Fri, Jul 16, 2010 - Page 5 News List

Karzai green-lights US plan to set up local police forces


Afghan President Hamid Karzai and his national security team endorsed a US-backed plan to set up local police forces around the country, allowing villagers to protect themselves in areas where international and Afghan forces can’t be spared.

The new Local Police Force initiative will be overseen by the Afghan government. That was a key demand of Karzai who fears that simply arming villagers without government oversight would essentially create local militias that could undermine his administration and possibly fuel a new civil war.

Karzai’s office offered no details about the plan, other than a statement released on Wednesday evening saying the Local Police Force would be under the direct supervision of the interior ministry.

Pentagon spokesman Geoff Morrell said the plan was designed to fill the gaps in security in remote areas and empower opponents of Taliban domination to fight back — while also providing jobs.

“This is about putting locals to work, so that they can be on watch in their communities, for people who shouldn’t be there, and then work with the established security organizations — the army, the police, the coalition — to make sure [insurgents] don’t menace their communities,” Morrell told reporters on Wednesday in Washington.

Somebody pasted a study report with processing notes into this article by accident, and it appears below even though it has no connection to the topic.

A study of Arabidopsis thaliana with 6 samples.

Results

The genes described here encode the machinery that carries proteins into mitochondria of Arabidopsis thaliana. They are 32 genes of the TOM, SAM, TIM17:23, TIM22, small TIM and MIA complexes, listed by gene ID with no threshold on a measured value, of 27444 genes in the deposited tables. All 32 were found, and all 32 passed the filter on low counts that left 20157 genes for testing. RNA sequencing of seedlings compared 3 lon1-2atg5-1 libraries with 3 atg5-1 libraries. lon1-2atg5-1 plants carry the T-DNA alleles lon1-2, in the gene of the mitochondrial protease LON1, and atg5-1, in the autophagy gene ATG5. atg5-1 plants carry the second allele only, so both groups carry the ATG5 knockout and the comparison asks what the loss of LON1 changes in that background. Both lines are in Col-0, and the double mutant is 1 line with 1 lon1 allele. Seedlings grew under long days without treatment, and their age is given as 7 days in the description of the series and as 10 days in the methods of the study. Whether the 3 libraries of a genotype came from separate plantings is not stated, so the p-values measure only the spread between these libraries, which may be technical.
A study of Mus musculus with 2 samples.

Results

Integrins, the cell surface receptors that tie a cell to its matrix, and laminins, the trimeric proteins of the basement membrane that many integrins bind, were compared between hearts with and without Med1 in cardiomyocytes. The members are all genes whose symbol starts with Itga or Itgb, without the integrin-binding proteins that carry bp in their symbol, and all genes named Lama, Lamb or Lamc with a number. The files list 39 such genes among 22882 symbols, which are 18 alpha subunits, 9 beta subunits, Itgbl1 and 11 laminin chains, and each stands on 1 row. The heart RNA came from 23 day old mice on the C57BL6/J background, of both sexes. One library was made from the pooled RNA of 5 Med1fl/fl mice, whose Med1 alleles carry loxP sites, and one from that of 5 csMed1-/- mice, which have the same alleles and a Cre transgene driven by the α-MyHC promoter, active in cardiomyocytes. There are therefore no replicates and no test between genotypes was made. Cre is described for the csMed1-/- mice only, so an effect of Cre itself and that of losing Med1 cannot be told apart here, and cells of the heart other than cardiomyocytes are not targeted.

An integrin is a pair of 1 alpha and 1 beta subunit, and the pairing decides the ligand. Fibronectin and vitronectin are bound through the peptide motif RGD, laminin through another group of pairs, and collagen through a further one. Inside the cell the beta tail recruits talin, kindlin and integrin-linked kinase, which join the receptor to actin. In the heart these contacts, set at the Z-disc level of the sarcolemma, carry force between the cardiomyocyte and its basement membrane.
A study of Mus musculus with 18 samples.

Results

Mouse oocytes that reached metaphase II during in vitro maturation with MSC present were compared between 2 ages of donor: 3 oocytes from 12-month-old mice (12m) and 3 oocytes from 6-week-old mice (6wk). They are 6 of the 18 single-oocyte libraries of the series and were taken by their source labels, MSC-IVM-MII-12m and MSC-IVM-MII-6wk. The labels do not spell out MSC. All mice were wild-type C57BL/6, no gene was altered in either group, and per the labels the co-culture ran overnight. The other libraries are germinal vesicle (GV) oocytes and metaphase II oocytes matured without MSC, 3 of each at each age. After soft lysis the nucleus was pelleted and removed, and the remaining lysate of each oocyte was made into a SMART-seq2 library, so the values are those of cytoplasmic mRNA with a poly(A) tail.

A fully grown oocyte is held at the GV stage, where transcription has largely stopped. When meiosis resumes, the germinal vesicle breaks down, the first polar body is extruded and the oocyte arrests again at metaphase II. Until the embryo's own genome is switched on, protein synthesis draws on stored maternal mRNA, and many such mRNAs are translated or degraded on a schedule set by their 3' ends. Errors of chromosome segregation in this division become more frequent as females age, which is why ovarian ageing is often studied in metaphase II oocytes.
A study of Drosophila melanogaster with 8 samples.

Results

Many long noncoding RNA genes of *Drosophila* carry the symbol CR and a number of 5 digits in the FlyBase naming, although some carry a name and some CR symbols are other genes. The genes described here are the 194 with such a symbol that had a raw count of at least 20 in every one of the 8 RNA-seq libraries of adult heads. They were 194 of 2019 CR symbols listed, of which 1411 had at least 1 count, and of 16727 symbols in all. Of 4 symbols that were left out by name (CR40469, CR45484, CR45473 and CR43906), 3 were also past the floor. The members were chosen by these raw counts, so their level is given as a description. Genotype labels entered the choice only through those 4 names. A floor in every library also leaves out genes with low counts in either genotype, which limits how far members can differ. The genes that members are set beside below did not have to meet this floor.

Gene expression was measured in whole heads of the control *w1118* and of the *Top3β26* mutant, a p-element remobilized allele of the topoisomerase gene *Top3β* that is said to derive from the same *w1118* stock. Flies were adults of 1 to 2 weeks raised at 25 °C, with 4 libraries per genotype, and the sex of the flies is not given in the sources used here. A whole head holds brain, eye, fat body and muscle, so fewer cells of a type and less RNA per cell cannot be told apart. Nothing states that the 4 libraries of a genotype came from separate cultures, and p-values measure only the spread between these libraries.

He stressed the local defense forces would not be militias, but “government-formed, government-paid, government-uniformed local police units who would keep any eye out for bad guys.”

NATO officials declined to publicly comment on the program, even though NATO Commander General David Petraeus has been intimately involved in discussions about it in recent days at the presidential palace. However, a coalition official, who spoke on condition of anonymity, confirmed US backing for the plan.

“The challenge we’ve got is that we’ve got a huge area,” British Major General Nick Carter, a NATO commander of troops in southern Afghanistan, said earlier this week. “We’ve got a large quantity of population and we can’t be everywhere. And what the village stability operations allow us is the opportunity to give the Afghans the courage to take protection into their own hands so we don’t have to put conventional forces there.”

Carter said local police forces have to be set up cautiously.

“What you don’t want to do is disconnect those population centers from the government,” Carter said. “What we’re trying to do throughout everything we do in this campaign is connect the government to the population.”

There have been several local defense initiatives tried around the country, now these forces would be swept into the Local Police Force, the statement said.

The local policing plan in Afghanistan is somewhat akin to the Awakening Councils in Iraq where Petraeus, the former top commander in Iraq, reached out to Sunni sheiks — a move credited for helping oust militants from key areas and sharply decreasing attacks.